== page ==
Older people in the UK are being left vulnerable amid high energy prices, with experts predicting that energy bills could rise by up to 50% in the spring, the leading UK charity for older people, Age UK, warned on Thursday.
The 50% rise would bring average annual bills up by an additional £600.
Around 80% of pensioners, corresponding to around 930,000, say they could not afford an unexpected bill of £200, the latest government figures show.
In light of these figures, the charity calls for immediate action to protect older people with the least ability to pay their bills.
'Rising inflation is already eating into the pensions of swathes of older people,' the charity said in a letter written to the Secretaries of State for Business, Energy and Industrial Strategy and for Work and Pensions.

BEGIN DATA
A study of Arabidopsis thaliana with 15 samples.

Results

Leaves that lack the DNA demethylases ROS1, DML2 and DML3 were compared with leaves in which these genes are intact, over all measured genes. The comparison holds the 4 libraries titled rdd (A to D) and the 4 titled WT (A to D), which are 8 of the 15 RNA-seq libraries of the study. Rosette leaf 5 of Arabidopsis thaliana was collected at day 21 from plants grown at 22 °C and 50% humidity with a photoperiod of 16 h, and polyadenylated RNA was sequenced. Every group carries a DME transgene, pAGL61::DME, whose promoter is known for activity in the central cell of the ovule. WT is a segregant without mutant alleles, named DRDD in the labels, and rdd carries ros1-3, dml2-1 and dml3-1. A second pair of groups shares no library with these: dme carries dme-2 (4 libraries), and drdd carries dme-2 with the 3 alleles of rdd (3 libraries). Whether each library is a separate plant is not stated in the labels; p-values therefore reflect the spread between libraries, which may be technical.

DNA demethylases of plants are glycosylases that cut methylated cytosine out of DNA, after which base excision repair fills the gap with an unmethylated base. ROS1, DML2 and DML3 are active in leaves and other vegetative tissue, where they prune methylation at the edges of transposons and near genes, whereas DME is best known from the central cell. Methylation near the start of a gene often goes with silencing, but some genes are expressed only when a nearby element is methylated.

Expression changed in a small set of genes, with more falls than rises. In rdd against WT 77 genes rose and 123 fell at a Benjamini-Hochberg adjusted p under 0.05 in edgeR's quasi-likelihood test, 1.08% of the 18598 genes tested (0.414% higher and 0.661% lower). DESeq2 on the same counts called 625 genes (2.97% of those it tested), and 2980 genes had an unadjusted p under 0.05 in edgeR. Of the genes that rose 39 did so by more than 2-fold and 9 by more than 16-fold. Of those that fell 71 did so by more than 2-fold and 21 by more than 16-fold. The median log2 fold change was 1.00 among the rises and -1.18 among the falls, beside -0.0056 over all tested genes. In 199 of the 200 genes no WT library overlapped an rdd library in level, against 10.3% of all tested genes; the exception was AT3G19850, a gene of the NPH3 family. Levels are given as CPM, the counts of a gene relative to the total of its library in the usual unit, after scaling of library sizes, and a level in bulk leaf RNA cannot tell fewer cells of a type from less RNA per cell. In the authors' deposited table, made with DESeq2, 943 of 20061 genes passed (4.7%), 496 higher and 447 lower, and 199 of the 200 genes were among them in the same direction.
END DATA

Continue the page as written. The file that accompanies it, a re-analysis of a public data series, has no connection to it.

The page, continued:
The charity is warning that 'the unprecedented hike in wholesale energy prices will be totally unmanageable for those living on low fixed incomes, many of whom have few, if any, savings to fall back on.'
'Financial support for older people during the colder months has remained broadly unchanged for years and is nowhere near enough to match the scale of the current problem,' Age UK underlines.
It argues that mechanisms exist to fund vital support to see older people through this crisis.
Two suggestions for such mechanisms include; cutting the 5% rate of VAT from all household's energy bills from April until at least the end of 2022 and providing additional support in payments of up to £500 to older people on the lowest incomes.